NEW YORK (TheStreet) -- Most of the world's ATM machines rely on Microsoft's (MSFT) Windows XP to handle all the computations happening behind the screen you see. But Microsoft is finally ending technical support for ancient XP software and wants banks to switch to more modern, secure operating systems to run their cash machines.
Banks aren't prepared for what could happen next. So as Reuters reported many banks are signing deals with Microsoft to keep Windows XP technical support going past the April 8 deadline.
It turns out extended support doesn't come cheap. Reuters believes that banks are set to pay millions to keep XP-based ATMs running. Possibly hundreds of millions. And you can be sure those banks will want to pass along any newly added costs to consumers.
Shares in Microsoft were advancing 0.61% to $37.93 in premarket trading.
There are currently an estimated 2.2 million ATMs worldwide running Windows XP. That comes out to nearly 95% of all ATMs on the planet. According to ATM-maker NCR ( NCR), approximately one-third of those XP machines will be switched to another OS before the April deadline. That will leave a huge number still running non-supported software rather than something newer and more secure. Bank officials admit they're facing a shortage of qualified technicians who can make the needed changes.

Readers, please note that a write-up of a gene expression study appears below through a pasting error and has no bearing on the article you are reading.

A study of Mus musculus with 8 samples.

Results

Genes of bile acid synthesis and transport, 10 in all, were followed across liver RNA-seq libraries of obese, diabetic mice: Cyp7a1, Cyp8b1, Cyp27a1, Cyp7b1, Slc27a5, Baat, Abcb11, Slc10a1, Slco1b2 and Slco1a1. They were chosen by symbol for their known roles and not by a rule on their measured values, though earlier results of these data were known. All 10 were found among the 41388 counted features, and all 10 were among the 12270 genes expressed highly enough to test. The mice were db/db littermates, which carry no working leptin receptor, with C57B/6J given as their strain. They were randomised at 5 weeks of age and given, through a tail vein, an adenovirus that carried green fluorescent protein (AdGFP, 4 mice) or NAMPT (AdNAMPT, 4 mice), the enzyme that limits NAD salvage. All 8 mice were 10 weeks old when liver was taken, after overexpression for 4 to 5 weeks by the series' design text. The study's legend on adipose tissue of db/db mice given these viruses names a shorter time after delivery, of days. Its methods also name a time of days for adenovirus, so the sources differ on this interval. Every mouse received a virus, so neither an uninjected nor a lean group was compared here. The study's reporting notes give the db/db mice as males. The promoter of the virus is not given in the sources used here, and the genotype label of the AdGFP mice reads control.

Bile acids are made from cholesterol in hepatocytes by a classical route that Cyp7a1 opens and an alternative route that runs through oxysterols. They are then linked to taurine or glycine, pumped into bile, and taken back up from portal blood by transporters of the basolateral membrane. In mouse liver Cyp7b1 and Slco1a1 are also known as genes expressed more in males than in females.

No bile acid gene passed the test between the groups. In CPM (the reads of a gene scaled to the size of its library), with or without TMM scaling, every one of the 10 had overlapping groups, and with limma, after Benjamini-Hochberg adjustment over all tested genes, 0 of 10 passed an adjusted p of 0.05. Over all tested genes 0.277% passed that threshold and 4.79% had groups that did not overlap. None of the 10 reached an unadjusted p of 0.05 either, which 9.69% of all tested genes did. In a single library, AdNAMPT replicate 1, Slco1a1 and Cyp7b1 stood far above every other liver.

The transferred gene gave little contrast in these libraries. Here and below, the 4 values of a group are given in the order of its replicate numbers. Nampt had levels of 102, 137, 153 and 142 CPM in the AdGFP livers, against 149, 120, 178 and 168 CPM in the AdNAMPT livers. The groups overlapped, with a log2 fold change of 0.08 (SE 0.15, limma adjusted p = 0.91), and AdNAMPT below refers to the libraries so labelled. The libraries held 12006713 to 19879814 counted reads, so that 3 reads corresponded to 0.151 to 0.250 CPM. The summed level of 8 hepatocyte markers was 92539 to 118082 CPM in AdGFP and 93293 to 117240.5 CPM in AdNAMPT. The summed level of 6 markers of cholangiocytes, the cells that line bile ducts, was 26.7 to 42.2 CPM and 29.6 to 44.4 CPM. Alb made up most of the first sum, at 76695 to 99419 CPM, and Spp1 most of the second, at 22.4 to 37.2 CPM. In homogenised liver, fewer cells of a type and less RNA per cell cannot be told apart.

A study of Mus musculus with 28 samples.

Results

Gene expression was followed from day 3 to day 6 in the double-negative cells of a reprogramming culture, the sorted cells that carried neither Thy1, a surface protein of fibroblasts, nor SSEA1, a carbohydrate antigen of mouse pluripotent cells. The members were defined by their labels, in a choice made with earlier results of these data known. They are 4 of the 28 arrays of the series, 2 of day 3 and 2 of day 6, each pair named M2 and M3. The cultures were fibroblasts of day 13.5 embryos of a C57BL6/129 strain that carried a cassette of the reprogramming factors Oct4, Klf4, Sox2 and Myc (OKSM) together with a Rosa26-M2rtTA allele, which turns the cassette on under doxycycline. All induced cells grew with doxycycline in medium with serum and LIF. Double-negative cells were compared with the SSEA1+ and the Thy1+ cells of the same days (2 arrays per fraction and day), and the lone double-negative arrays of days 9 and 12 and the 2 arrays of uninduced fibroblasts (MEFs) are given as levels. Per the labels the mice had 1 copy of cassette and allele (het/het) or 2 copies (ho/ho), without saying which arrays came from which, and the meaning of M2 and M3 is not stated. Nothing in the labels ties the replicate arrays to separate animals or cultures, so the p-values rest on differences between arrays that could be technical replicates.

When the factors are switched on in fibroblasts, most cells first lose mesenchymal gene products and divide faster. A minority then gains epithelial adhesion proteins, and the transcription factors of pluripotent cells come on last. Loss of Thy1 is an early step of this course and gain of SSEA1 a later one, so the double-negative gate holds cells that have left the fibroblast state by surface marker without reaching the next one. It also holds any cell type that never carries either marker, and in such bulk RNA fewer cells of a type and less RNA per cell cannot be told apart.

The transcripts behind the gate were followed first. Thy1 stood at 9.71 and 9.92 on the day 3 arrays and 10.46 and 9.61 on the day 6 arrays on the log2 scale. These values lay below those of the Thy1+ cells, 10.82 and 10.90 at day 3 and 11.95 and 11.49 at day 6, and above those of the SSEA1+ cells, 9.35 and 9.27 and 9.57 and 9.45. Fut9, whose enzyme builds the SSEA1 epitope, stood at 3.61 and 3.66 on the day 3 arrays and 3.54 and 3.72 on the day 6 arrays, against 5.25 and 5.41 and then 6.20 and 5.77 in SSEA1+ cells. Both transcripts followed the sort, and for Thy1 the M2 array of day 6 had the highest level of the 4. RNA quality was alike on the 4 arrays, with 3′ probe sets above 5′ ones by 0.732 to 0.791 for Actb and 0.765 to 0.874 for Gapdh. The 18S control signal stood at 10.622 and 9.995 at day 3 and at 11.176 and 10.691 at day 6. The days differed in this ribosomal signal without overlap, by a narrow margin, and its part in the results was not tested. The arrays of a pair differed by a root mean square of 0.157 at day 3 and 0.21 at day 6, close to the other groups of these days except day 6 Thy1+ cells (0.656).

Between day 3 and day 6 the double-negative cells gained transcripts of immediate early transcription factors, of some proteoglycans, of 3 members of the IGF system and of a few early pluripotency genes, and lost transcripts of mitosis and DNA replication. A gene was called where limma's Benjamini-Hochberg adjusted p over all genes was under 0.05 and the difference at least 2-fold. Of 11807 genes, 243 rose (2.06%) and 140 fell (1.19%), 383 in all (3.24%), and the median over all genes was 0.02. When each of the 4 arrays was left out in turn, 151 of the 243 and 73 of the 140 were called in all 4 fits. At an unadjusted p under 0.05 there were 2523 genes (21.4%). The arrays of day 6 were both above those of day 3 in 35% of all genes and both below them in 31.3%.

Windows XP was officially announced in August 2001 as the successor to the best-forgotten Windows 2000 and Windows ME. XP greatly improved software security, stability and efficiency, basically everything from previous editions. As soon XP was officially released for sale in October 2001, it became an instant hit.
When Microsoft originally announced the existence of its next OS, Windows Vista, in January 2007, XP sales and support was supposed to end within a year or two. But Vista was such a nightmare Microsoft was forced to keep XP alive way past its original expiration date.
Mainstream/consumer support for Windows XP did end in April 2009 but Microsoft decided to keep support going for business users. Until now. Microsoft recommends its Windows 7 as the alternative.
Microsoft explained: "There are certainly large enterprise customers who haven't finished their migrations yet and are purchasing custom support. The cost will depend on both the specific needs of the customer and what support they already have in place, so it's different for every customer."
One-fifth of the world's ATMs are located in the United States. Most U.S. machines can't handle new, more secure bank cards with embedded security microchips gaining popularity in other countries. So U.S. banks will also be dealing with hardware changes in addition to necessary software upgrades..
JPMorgan (JPM) will start converting its 19.200 machines to Windows 7 in July and hopes to finish the task by the end of the year. It will ask Microsoft to extend XP support until then. Bank of America (BAC) also intends to ask for an extension. Citigroup (C), said it's in the process of upgrading its 12,000+ ATMs worldwide.
-- Written by Gary Krakow in New York.